I’ve often found myself taking part in a friendly debate with a fellow movie-lover, the topic of which involves actors taking parts for seemingly no other reason than to receive a hefty paycheck. As an example, I believe it’s pretty disheartening to see actors like Kevin Bacon and Michael Clark Duncan promoting products like underwear and snack chips on television. My friend, acting as the counterpoint, argues an actor should take these offers because it helps them financially, allowing them to maintain their lifestyle until more artistically stimulating projects come along. In regards to Kevin Bacon, my fellow movie-goer cites The Woodsman as being one of these more prestigious projects.

Keeping this in mind, I have to ask: What in the world is Jim Carrey waiting for? How is the money he receives from insipid, by-the-book comedies like Bruce Almighty and Fun with Dick and Jane being used to fuel more creative impulses? Taking a look at some of his upcoming films on The Internet Movie Database, I found three in his schedule, two of which sound promising while the other makes the back of my eyes hurt. Number 23 is a mystery/thriller wherein a man finds a book which seems to be based entirely on his life and disturbingly ends with a murder. Believe It or Not sees Carrey playing the famous curiosity expert Robert Ripley as he searches for his next great discovery. Lastly, there is what I’m sure will be billed as a “raucous romp” called Used Guys, and in it Carrey will play what I have to assume will be a rubbery-faced goon who lives on a planet ruled by women. Along with his co-star Ben Stiller, Carrey is a “pleasure clone” who escapes his female rulers in order to find a male utopia called…Mantopia.

See, this is the kind of junk I hate to see Carrey throwing himself into, as it seems to me the guy is just way too old and far too talented to be whipping out the same old shtick we were watching in 1994 with Ace Ventura: Pet Detective. Using this as my transition (as this has to be one of the longest intros I’ve written so far), I will begin talking about Fun with Dick and Jane, which actually tops Bruce Almighty in its amount of comedic redundancy. It is a mashed, mangled mess of a movie, with no real through line and the limpest, most mainstream satire I’ve seen in a long time.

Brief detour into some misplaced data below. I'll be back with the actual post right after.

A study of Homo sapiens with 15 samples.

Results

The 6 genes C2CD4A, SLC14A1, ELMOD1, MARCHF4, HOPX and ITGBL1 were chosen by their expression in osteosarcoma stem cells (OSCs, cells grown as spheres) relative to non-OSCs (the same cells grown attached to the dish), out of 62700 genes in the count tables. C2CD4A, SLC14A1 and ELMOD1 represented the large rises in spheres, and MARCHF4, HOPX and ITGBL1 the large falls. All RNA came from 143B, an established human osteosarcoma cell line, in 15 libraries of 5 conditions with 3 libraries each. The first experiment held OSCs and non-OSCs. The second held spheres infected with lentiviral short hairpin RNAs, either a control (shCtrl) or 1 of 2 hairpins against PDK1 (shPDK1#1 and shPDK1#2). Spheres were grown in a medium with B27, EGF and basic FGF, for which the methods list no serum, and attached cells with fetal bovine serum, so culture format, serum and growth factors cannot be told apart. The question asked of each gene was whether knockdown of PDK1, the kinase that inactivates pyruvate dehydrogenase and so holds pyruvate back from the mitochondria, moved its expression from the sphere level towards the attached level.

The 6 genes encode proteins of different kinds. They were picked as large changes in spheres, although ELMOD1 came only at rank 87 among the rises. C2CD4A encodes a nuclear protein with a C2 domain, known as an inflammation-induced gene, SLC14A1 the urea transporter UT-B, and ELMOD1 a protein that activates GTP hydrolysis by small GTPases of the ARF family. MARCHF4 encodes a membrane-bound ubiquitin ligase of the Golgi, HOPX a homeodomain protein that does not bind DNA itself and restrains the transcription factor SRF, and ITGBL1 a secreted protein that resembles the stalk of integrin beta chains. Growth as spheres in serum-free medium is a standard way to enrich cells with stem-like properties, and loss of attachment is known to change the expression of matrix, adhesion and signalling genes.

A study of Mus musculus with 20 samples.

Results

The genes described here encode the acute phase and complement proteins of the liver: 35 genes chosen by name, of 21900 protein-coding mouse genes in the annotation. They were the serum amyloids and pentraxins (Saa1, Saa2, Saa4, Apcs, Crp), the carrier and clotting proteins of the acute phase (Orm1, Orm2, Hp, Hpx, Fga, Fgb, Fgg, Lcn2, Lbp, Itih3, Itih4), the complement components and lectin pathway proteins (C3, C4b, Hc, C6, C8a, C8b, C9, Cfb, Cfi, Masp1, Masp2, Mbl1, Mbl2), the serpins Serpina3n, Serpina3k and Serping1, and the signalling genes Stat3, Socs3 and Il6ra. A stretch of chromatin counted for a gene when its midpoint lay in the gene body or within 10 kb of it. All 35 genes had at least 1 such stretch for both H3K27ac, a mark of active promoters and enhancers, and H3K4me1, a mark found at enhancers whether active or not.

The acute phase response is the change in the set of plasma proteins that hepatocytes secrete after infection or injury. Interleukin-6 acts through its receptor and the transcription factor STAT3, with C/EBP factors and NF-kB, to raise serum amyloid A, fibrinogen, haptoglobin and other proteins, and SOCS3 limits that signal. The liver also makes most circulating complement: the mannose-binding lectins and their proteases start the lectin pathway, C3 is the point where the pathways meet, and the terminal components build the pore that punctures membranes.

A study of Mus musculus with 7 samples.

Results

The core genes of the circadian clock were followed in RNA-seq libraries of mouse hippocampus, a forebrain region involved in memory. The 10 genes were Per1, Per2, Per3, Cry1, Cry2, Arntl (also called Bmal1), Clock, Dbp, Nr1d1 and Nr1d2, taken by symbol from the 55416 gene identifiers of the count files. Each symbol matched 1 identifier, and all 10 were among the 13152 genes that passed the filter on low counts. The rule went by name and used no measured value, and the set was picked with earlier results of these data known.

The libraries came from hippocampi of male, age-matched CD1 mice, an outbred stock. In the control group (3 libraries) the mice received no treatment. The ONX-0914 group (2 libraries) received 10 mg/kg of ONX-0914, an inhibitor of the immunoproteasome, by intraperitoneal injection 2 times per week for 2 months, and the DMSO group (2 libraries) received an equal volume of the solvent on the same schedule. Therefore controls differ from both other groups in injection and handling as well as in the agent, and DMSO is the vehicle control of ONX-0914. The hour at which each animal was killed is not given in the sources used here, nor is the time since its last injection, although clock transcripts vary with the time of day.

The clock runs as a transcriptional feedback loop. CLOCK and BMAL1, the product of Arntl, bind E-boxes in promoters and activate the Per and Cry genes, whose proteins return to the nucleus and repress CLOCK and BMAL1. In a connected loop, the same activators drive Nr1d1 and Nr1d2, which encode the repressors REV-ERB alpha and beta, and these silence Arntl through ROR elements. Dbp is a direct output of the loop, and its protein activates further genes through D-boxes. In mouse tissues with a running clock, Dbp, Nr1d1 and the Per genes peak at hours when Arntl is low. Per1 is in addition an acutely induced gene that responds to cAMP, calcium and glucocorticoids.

Dick and Jane is the kind of biting social commentary you would usually find on any episode of Mad TV, filled with jokes only an audience member with the smallest amount of knowledge about the world could find amusing. Alec Baldwin plays Jack McCallister, an obvious play on George W. Bush who abandons his gigantic corporation shortly after buying out all of its stock. The company goes under, and Dick (Carrey) loses his job while being blamed for the business’ corruption. This is the big plot point of the film, and after it passes, there’s almost nothing left for the script to provide in terms of a funny or even mildly amusing story. In vulgar terms, the film shoots its load with the supposedly clever Enron parody in the first half hour, and everything else is padding.

Slowly but surely the movie becomes a series of boring sketches, as we see Dick and his wife Jane (thanklessly played by Tea Leoni) lose all of their savings and are forced to sell their possessions. This leads into a tedious section of the movie where they try to settle into blue collar jobs, with Dick being hired at an obvious variant of Wal-Mart and Jane becoming an aerobics instructor at a local gym. I can’t tell you how sad it is to watch perfectly capable actors participating in such Z-grade Saturday Night Live material, as no amount of money can warrant Jim Carrey having laundry detergent thrown in his eyes by a sassy black woman.

Eventually the couple decides to take back from the community by robbing everyone in town, a development which makes little to no sense if you think about it at all. How in the world do Dick and Jane go from being dorky yuppies to first class criminals, complete with high tech burglary gear? I guess we’re not supposed to ask such questions, because before too long this subplot is abandoned as well, replacing it with one where our stars try to con Baldwin’s character out of his money as an act of revenge. It’s like Ocean’s Eleven meets…crap!

Luckily, or at least from the perspective of the filmmakers, Carrey is on the set, and we all know if you put a camera in front of him and ask for some zany antics he’ll pile them on until you run out of film. And this is just what happens, as we are made to watch way too many sequences of Carrey simply playing the role of Court Jester. He’s playing with light switches, making silly sound effects, referencing Mr. Roboto, sliding across floors like a ninja, and much, much more, all to my utter distaste. Again, this kind of manic behavior might have sold me in the fifth grade, but I’m really starting to worry about this guy getting trapped in his own type. Adam Sandler will be making gross-out comedies until he’s dead, but I’d like to think Carrey is a bit more expansive.

In any case, don’t see Fun with Dick and Jane if you’re expecting anything of value, since it is nothing more than a rushed hack-job with no sense of what makes a good film. You know how some writers advise their readers to “turn off their brains” before they watch certain features? Well I’m here to tell you right now that Dick will turn it off for you, so don’t waste the brain cells and go for something, anything else on the shelf when Movie Day rolls around.